Feeling anxious in meetings was a given for me 20 years ago.
I worried that my hand would be clammy when I shook the client’s hand (the more I worried, the sweatier my hands became). I worried that I was wearing the wrong thing. But mostly, I worried that I wouldn’t have anything sufficiently interesting or additive to say.
I would watch and listen to the smart, experienced people around the table and look for a small opening in the conversation where I might insert a comment that made my presence meaningful in some way. When I couldn’t think of anything to say, I wrote notes furiously and perfected what I hoped was a bookish and curious presence in the hopes that people would assume my head was full of insightful observations rather than abject fear.
Around the same time, I was also learning to moderate focus groups and identify “dominant respondents” (the people who highjack the conversation, talk incessantly, and challenge you as the leader of the group). I learned, for example, that the dominant respondent in a focus group would tend to sit directly opposite or next to you.
In these early years of my career, I began to observe similar power dynamics in agency meetings: the senior client would often sit at the head of the table, the men would generally speak more than the women, the senior people would give long, self-aggrandizing introductions, junior folks would always troubleshoot the (plentiful) IT issues, and the younger women would often deal with the catering. The agency people would never be late, but the clients often would be.
The hierarchy of the people in the meeting was continually reinforced through patterns of behavior. On reflection, this doesn’t seem conducive to encouraging diversity of thought or creativity—or diversity in general.
I’ve also noticed moments over the years when this power hierarchy has been disrupted in interesting ways. In the pre-pandemic days, I watched Suzanne Powers, the chief strategy officer and now president of McCann Worldgroup, introduce herself as “the strategy person” during a round of intros at the beginning of a meeting. It was a small but a significant thing for me at the time. Here was the most senior person in the room reminding everyone in a subtle way that we were all just people around a table with jobs to do and equal and valid contributions to make.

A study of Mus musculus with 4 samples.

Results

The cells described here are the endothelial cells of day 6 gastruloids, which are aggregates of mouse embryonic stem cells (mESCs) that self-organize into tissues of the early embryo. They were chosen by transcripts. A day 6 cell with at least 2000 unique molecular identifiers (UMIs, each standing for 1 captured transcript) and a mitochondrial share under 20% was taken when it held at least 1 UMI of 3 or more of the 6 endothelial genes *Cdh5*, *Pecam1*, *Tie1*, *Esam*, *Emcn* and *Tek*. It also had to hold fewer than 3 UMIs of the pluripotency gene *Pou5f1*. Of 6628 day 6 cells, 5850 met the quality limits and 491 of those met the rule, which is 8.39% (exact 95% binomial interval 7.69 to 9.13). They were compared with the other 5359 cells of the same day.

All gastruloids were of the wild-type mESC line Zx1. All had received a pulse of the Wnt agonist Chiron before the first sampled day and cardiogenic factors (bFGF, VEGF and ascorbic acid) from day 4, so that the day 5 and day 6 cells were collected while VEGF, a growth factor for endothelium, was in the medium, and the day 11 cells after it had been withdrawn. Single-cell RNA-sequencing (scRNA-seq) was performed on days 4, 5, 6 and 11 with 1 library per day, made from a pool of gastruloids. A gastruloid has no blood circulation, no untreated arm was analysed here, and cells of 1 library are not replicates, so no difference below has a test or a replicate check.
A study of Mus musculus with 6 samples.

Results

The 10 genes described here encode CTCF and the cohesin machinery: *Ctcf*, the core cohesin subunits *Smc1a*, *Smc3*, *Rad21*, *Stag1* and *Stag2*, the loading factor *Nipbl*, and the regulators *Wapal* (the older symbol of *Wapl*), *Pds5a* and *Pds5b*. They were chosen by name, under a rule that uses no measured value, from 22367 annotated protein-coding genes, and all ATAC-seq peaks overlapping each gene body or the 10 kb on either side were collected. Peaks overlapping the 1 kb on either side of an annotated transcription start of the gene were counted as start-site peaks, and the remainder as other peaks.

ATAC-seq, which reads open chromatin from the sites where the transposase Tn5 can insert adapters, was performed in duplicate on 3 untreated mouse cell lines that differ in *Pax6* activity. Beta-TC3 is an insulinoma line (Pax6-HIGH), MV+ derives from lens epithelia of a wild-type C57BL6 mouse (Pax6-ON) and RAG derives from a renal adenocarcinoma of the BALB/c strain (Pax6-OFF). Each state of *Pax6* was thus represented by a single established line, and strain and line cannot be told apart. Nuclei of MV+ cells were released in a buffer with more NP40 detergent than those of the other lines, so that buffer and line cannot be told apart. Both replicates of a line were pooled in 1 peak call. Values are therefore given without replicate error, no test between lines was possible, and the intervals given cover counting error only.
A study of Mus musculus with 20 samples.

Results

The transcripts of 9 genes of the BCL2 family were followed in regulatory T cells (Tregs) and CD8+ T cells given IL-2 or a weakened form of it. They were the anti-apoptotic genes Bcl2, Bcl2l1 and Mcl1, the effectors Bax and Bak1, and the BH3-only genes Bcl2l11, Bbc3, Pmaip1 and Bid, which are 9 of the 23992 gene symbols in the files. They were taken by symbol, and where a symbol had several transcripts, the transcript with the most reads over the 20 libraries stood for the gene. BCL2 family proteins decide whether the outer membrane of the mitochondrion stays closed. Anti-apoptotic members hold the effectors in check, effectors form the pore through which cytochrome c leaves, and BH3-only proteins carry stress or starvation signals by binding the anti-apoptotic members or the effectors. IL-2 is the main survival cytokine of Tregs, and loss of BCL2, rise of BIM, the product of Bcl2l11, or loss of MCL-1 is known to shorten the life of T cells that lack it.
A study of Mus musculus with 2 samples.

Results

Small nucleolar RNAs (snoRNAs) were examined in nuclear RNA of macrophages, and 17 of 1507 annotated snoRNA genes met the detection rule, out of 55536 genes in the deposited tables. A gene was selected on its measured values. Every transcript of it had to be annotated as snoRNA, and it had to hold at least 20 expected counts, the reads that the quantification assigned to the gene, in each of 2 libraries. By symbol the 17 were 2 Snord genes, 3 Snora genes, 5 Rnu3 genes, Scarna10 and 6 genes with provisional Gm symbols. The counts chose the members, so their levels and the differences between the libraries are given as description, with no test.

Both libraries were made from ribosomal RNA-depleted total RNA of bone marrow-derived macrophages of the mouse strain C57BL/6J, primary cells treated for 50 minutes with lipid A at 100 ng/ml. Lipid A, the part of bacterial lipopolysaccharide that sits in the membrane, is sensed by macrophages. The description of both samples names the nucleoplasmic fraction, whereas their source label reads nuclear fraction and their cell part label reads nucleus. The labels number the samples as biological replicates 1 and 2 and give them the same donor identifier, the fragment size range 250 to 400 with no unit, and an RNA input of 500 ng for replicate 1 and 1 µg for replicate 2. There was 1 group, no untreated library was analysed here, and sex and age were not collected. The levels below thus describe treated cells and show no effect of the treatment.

As we transition into a new world of virtual and hybrid work, we’re reimagining our professional environments. In our most recent research at McCann, we found something intriguing; among people who self-identify as a minority, 81% believe that remote work has helped their working life (vs. 69% of non-minorities) and 77% of the minority group believe that remote working has encouraged greater diversity and inclusion at their company (this is also higher among younger employees, with 75% of 18-34s agreeing to this versus 54% of those aged 55+).
For many, it seems that the virtual meeting is something of a leveler. The “hand raise” function in Teams or on Zoom allows those who are reticent to speak over others to get some airtime. The chat window allows for contributions from more introverted people who might not want to speak in front of the group.
Our research revealed that 30% of people say they feel more introverted after the pandemic. I suspect that junior people more frequently find themselves in meetings with clients and senior people (as there are fewer limits on the “number of people in room”). It goes without saying that there is less pressure on dress codes, and shaking sweaty hands is no longer an issue!
Most importantly, we’ve all had a little glimpse behind the curtain of the lives of the most senior clients and colleagues. I’ve seen paint-covered children begging for biscuits, cats leaping in front of screens, faded favorite coffee mugs, hair wet from the shower, and posters in a childhood bedroom. The pandemic has upended the carefully controlled boardroom environment. The glass table is no more. I don’t know who’s sitting at the head of the table because there isn’t one.
This isn’t to say, of course, that power dynamics are a thing of past; who gets to turn their camera off, for example? I’ve been in meetings where all the clients have their cameras off and all the agency people have their cameras on. Is it rude to turn my camera off when someone is presenting? Even if I want to do some squats because I’ve been sitting for three hours? And who gets to drop off five minutes before the meeting ends because they have someone else to talk to or somewhere else to be? (I’m definitely guilty of this.)
The pandemic hasn’t just blurred the boundaries between the physical and virtual; it has blurred all kinds of boundaries—between junior and senior people, between geographies, and between professional communities. This blurry moment in time offers a radical opportunity to rethink all kinds of things about the way we work, from how we do vacation time, to how we hire people, to how we hold meetings.
If I could travel back in time, I would reassure 24-year-old Laura that listening is just as valuable as speaking. I would tell her that her presence was always meaningful. I also wish I could gift her the hand-raise function.